BuzzFeed's success in Japan will depend on "how Japanese it can become", but partnering with Yahoo should see it avoid the graveyard of foreign companies which crashed and burned by trying to enter the market alone, according one senior PR leader.
Japan will be the tenth country to get its own Buzzfeed site, and John Morgan, Hill+Knowlton's president and CEO, Asia, and president and CEO, Japan, said partnering with Yahoo had been a smart move.
"BuzzFeed continues to expand its global reach, and clearly we PR professionals must regard it much differently than we did just a few years ago," Said Morgan (pictured). "The move into Japan makes sense for both BuzzFeed and Yahoo. On BuzzFeed’s part, they’re smart enough to know not to try Japan alone – the country has graveyards full of foreign companies who crashed and burned trying to replicate their business model without taking into consideration the Japanese culture and way of doing business.
"On Yahoo’s part, they need an edge as Google and Naver chip away at their impressive reach. Then, factor in BuzzFeed’s existing relationships with Facebook and Twitter, both of which have steadily increasing followings in Japan, and the partnership seems poised to hit the ground running."
Buzzfeed has been increasingly seeking to move away from lists and light-hearted content into serious news and investigations. In the UK and US it has made a raft of senior editorial hires from mainstream news organisations.
However, Kyodo PR deputy director German Saa questioned if that approach would work in Japan.
"For serious editorial content, Japan is an extremely competitive media market that will be difficult to break into due to the wide array of trusted local media with very loyal readerships," he said. "As far as using BuzzFeed to make opportunities through public relations activities, we don’t see it becoming a very influential media in the short-to-mid-term, and certainly not for serious news. However, there may be potential for it to have an impact entertainment, fashion, and food industries aimed at younger audiences," he added.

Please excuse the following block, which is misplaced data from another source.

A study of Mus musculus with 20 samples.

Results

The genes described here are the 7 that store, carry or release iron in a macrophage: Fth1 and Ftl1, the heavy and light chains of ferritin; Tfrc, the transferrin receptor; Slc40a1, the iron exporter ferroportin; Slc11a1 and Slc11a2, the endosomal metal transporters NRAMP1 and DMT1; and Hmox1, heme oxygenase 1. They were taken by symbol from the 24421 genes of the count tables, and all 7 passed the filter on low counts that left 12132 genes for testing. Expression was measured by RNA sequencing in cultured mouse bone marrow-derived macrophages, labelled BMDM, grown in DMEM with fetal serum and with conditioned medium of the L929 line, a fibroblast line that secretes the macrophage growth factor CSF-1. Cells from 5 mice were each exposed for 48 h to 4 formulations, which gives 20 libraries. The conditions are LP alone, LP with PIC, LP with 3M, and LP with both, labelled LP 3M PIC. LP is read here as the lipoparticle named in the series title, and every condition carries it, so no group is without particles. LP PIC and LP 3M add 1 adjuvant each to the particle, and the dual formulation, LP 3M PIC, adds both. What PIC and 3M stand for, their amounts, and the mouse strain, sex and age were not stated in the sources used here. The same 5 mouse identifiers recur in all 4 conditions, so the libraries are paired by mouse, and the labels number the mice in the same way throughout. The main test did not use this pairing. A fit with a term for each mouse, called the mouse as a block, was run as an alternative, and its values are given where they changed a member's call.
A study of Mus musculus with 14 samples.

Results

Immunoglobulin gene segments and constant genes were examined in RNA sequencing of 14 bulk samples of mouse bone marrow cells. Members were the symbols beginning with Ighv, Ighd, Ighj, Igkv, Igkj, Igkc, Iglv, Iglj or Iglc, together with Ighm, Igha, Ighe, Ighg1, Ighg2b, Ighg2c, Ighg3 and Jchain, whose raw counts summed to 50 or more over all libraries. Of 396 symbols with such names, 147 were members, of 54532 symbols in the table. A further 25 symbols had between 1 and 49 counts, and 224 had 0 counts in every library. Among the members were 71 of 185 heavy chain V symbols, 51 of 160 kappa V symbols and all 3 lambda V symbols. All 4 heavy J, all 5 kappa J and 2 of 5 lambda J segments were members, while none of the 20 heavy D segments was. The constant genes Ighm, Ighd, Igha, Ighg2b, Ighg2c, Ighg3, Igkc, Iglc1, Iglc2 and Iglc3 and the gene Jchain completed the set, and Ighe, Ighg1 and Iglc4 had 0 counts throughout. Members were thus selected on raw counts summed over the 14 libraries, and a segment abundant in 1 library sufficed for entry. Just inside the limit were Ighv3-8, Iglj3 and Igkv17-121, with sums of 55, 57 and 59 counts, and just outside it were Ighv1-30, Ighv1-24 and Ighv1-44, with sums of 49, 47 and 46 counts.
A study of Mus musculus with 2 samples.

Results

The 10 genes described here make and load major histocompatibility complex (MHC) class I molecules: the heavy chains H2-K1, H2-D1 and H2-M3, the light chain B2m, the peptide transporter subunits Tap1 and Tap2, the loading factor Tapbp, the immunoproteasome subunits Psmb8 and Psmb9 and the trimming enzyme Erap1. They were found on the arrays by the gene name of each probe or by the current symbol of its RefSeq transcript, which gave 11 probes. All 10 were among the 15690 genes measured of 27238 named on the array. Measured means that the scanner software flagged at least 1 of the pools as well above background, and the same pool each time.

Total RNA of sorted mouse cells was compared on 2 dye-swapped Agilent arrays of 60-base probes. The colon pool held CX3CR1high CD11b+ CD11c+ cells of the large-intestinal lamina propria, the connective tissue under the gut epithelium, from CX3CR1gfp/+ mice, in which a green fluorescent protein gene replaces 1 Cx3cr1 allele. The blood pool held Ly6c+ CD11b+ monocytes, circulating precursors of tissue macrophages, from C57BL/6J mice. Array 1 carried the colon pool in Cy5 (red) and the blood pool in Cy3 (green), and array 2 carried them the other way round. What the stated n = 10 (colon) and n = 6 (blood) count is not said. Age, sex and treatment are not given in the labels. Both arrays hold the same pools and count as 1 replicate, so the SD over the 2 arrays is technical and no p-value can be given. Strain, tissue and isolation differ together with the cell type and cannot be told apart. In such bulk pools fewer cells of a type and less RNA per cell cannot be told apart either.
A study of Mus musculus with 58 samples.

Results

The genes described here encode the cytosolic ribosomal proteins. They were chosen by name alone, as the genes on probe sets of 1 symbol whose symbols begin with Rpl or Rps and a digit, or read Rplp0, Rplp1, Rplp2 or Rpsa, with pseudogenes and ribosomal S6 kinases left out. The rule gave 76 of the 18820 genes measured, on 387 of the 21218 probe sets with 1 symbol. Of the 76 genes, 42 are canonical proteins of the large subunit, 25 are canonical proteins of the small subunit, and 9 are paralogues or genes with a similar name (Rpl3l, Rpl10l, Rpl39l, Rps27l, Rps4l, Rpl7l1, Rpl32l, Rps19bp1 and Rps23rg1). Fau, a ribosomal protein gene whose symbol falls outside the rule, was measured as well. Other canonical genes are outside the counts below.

Morgan, however, believes the move should act as a wake-up call to the country's traditional media, but cautioned that BuzzFeed would not be given an easy ride.
"The trick will obviously be developing content that the Japanese audience wants," he added. "It’s not just a matter of being insightful or sensational. It’s figuring out how to develop that content without being handicapped by the intricate web of domestic media, advertising and talent juggernauts who are resistant to change, and can withhold access as a result. But like many audiences around the world, the Japanese are growing tired of control and filters – they want what they want, not what they’re told to want.
"All this plays well to BuzzFeed which has matured over the years to hire and nurture teams of writers who are gifted at both serious and entertainment-focused content, and in the shareable breaking news format. The question to BuzzFeed will be – how Japanese can you really become?"
For the Japan venture, BuzzFeed will own 51 percent of the operation, with the rest being held by Yahoo Japan.
BuzzFeed will provide the proprietary technology platform, and manage the processes for developing editorial content and native advertising.
It was also announced yesterday that NBCUniversal is investing $200 million in BuzzFeed in an attempt to reach a bigger millennial audience. BuzzFeed said the cash "assures our financial independence, allowing us to grow and invest without pressure to chase short-term revenue or rush an IPO."